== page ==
Jewel Samad, Mark Wilson/Getty Images

As 2016 election night drew on, it became more and more apparent that what polling companies, political pundits, and tens of millions of people across America and the world had considered “impossible” was going to happen.

Donald Trump was going to become the 45th President of the United States.

As the results streamed in, the night began to take on an eerie similarity to 2000 — George W. Bush versus Al Gore. Once Trump “went over the top,” would Clinton concede, or, as was famously the case with Gore, refuse to do so?

The traditional concession speech never came — until the following morning.

A new book — “Shattered: Inside Hillary Clinton's Doomed Campaign” — reveals “the rest of the story” about what went on behind the scenes, that night. As recounted by The Washington Post, President Obama pressured Clinton to concede — several times.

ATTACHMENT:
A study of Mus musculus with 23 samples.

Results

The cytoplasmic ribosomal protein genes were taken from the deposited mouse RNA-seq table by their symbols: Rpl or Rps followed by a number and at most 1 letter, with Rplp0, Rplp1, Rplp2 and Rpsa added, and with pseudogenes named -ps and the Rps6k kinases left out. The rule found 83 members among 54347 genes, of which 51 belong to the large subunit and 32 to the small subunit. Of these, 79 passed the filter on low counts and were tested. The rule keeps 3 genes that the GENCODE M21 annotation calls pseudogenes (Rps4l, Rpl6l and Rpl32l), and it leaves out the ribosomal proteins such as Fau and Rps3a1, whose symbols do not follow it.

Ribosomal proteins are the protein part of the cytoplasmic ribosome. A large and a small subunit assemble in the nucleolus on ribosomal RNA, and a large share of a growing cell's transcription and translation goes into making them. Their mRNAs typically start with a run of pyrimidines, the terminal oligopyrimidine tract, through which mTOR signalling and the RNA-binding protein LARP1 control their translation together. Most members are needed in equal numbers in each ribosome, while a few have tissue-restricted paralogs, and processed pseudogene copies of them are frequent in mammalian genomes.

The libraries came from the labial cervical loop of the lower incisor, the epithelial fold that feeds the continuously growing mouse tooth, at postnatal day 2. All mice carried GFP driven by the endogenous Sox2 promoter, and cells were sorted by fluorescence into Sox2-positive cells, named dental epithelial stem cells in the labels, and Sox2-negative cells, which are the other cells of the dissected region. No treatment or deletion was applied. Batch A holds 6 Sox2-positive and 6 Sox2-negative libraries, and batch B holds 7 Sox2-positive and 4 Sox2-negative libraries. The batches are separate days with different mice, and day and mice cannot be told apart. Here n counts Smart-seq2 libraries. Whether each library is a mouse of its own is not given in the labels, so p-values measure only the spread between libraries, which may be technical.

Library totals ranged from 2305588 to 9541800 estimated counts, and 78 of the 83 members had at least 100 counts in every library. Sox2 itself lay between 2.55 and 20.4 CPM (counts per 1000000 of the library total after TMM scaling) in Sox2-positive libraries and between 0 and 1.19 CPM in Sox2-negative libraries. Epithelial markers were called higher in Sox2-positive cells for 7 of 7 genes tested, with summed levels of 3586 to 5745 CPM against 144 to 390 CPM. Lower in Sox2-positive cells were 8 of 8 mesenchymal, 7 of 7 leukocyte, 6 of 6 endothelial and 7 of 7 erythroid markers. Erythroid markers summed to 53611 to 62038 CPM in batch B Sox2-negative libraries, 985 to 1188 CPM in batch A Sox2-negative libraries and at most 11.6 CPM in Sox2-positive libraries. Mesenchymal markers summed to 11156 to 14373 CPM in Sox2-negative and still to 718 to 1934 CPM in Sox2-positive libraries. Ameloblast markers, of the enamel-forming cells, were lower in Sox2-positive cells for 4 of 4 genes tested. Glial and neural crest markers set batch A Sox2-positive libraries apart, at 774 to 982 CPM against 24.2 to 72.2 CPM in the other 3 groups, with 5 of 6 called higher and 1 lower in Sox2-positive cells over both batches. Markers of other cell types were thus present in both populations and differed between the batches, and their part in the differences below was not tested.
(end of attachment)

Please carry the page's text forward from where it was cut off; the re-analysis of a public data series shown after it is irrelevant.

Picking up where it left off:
The first call came from Obama political director, David Simas. Simas told Clinton's campaign manager, Robby Mook, “POTUS doesn't think it's wise to drag this out.” — which is precisely what continued to happen.

Obama then called Clinton, reportedly saying: “You need to concede.” He delivered the same message to John Podesta, Clinton's campaign manager, in a subsequent call.

Clinton finally acquiesced.

While her concession speech didn't come until the next day, she ultimately said “give me the phone,” and called Trump. “Congratulations, Donald,” she told a man with whom she'd had one of the most bitter presidential election battles in modern history.

Then came the final call from Obama in an effort to console her.

“Mr. President,” Clinton said, “I’m sorry” — alluding to a historic election loss that “no one” expected to happen.